I worked in corporate for many years and as such learned to dread this time of year. Why, because in three months you will likely LOSE YOUR JOB.
As the late great Jerry Garcia once said: “When you reach that point where everything you do is coming together and everything is working out, watch out, because that’s a sign that everything is about to go very bad, very fast.”
I love the holidays, I’m no Grinch but life experiences teach us when to embrace life and all the good things in it and when to batten down the hatches and CYA.
That last part is right around the corner so here’s what you need to know.
Now, everything is great. People have jobs, money is coming in, the economy is improving and by jiminy, it looks like things will work out after all.
No, it won’t. Here’s why.
The holiday’s end. February shows up with a handful of bills that are due NOW. The holiday sales help is being laid off, even though they showed loyalty, hard work and real talent.
And nobody’s buying because all the money is spent.
And here is why your job, whether it is in a middle management office or on the warehouse floor is in serious jeopardy.
The sales department has sales goals that MUST be met regardless of the time of year or the economy. Since nobody is buying, they become creative. Have to move things around, have to offer deals that fly in the face of fiscal responsibility, have to go for the hail mary pass. The problem is that everyone remembers the very few times the hail mary pass succeeds; they tend to forget how often the hail mary pass fails.
So the sales force makes all kinds of promises to customers. No payment for 90 days (terms are net 30) 90 day return policy (all sales final) outlandish promises of ridiculously high credit lines.
That last one is the job killer.
I was in corporate credit and following the holidays I was in constant battle with the sales department who were pushing huge sales to little mom and pop stores that clearly couldn’t afford it. So I would deny those lines and instead set them up with a credit line they could handle and over time increase as their business grew.
But that meant that the sales department wouldn’t make their goals. That made them desperate. So they went on the attack. Claimed I was costing the company money by my draconian credit limits, said my people were verbally abusing companies who were ‘just a little behind on their payments,’ and that we were going to lose business because our competitors were going to swoop in and make big sales to the customers I was so arrogantly assigning small credit lines to.
So I was called down and placed on the hot seat. I was accused of being arrogant to our customers, rude to their accounts payable departments, obstructing company growth and of being short-sighted regarding sales potential. As usual I asked for examples of these complaints, perhaps an email could be provided, maybe a regular letter or one of those phone calls that was regularly ‘monitored to assure customer satisfaction’. Or perhaps I could meet with the sales person accusing my department of these issues so he could point out exactly what customers he was referring to.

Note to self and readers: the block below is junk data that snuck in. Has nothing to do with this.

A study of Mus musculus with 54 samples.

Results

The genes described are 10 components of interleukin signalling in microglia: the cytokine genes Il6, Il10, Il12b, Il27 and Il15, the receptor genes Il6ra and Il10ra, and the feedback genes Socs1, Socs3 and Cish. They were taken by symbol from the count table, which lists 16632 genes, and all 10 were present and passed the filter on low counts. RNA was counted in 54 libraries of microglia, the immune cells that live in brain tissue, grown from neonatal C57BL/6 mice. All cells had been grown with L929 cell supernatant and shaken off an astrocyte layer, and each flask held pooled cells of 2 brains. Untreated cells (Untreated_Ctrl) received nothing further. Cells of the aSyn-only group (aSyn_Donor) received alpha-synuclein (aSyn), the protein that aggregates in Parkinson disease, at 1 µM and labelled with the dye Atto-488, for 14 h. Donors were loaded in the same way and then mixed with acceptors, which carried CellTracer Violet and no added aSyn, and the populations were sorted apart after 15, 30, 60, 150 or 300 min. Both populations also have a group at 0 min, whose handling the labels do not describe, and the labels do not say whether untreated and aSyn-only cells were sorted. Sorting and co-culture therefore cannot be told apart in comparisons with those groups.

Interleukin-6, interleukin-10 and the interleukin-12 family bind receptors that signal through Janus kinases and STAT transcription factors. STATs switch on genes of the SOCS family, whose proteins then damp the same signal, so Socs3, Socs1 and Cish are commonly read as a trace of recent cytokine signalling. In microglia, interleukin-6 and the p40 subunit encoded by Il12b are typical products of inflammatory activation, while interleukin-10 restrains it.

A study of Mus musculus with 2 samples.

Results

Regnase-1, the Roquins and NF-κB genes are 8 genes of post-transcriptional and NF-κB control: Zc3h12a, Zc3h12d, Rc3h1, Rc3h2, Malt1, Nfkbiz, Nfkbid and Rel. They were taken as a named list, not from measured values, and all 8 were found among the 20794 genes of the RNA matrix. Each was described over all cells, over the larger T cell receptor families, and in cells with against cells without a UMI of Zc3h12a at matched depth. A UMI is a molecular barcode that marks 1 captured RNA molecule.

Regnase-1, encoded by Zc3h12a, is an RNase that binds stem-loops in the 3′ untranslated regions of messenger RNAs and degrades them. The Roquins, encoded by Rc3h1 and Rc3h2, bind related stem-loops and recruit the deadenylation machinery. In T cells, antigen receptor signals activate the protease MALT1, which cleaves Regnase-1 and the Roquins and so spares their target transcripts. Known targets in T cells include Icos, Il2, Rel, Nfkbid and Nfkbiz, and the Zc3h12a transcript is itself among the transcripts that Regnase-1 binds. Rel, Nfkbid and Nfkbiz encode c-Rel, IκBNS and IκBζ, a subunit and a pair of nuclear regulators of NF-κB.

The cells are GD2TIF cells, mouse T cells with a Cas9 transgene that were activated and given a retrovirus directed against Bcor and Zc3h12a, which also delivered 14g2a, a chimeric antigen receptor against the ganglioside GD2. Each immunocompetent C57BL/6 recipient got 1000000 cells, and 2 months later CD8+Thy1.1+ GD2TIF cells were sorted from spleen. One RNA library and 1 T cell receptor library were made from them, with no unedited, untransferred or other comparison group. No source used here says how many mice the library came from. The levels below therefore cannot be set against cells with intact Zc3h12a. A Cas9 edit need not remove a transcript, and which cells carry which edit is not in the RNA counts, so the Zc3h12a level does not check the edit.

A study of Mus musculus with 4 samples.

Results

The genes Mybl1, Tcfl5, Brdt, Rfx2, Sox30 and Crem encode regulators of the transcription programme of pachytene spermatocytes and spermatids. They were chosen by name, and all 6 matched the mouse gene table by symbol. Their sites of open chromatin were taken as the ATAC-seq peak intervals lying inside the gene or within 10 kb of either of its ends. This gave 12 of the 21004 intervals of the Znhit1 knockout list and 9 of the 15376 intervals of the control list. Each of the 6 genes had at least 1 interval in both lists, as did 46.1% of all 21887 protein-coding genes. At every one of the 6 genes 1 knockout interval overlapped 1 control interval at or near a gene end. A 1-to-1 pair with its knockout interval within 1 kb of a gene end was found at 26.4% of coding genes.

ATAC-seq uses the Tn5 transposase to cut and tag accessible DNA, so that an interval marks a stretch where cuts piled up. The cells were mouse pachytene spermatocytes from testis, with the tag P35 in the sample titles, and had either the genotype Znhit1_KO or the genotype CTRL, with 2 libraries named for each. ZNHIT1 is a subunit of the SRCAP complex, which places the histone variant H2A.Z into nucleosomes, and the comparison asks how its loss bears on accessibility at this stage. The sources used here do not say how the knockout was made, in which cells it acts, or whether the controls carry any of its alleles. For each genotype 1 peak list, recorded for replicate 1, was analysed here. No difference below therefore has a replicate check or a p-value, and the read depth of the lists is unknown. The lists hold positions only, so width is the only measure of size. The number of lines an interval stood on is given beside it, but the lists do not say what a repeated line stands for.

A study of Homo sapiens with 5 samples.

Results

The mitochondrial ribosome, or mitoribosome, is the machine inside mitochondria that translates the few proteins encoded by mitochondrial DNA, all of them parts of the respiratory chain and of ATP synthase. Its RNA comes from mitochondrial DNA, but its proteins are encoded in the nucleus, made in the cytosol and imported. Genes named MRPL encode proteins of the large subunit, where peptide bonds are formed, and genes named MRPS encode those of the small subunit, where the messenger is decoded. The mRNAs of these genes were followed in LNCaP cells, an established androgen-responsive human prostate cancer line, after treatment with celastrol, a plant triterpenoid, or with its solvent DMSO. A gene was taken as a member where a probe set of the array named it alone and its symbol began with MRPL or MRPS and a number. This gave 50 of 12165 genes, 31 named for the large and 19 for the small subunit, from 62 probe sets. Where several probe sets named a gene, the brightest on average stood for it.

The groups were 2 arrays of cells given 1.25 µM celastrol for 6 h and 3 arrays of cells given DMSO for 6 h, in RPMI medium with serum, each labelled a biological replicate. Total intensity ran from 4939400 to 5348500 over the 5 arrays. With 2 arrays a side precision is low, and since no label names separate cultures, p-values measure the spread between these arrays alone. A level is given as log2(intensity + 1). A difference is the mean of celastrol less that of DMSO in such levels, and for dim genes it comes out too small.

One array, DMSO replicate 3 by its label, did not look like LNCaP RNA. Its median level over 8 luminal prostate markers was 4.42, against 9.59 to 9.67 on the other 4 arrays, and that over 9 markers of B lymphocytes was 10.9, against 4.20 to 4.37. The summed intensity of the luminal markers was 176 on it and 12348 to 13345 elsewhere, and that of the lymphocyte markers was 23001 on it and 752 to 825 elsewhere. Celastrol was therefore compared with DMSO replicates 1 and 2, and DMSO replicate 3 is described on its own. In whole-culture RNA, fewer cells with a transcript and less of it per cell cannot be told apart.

Strangely, evidence of my department’s improper conduct always somehow managed to be misplaced.
Now here is where the train derails. I was in credit for 25 years. Give me a 10 minute conversation with any potential customer and I can tell you EXACTLY how much, if any, credit they should have. I did my ‘do diligence’ of checking with their other vendors, credit reports and banks but I was very, very rarely off the mark.
Point being, over the years I had become very good at my job. Yet every year, the VP or the CFO or the comptroller (none of whom had ANY hands –on credit experience) would overrule me and the product would be shipped and come March when all those invoices were past due I’d be called down and told to explain why I wasn’t doing my job.
So each year with my job hanging by a thread I’d go in and attempt to clean up the mess the sales department created. During that time however, there’d be lay-offs in all departments due to the fiscal bath corporate greed had created.
Beware the Ides of March my friends. That’s when the ‘Musical Chairs’ game of downsizing begins and the upper management team starts questioning your value to the company. So the question you need to ask yourself is “What skill do I possess that my co-workers don’t? What skill is valuable to management, valuable enough for me to survival the March lay-offs?
That skill is HTML coding. Why? Because it’s what is used for web design & internet sales which is the wave of the future, just ask Amazon. If you started learning HTML this coming Monday by March you could be a professional.
In this Saturday’s Underground College’s newsletter I’m going to present a link to an entire video tutorial program that teaches every aspect of HTML from absolute beginner to HTML professional. It has 711 five star reviews.
And it’s FREE. But only for those who go to the top right of this page and sign up.
So it’s up to you. You can learn a new skill that will seriously increase your marketplace value or take your chances in March when the lay-offs they swore wouldn’t happen, begin.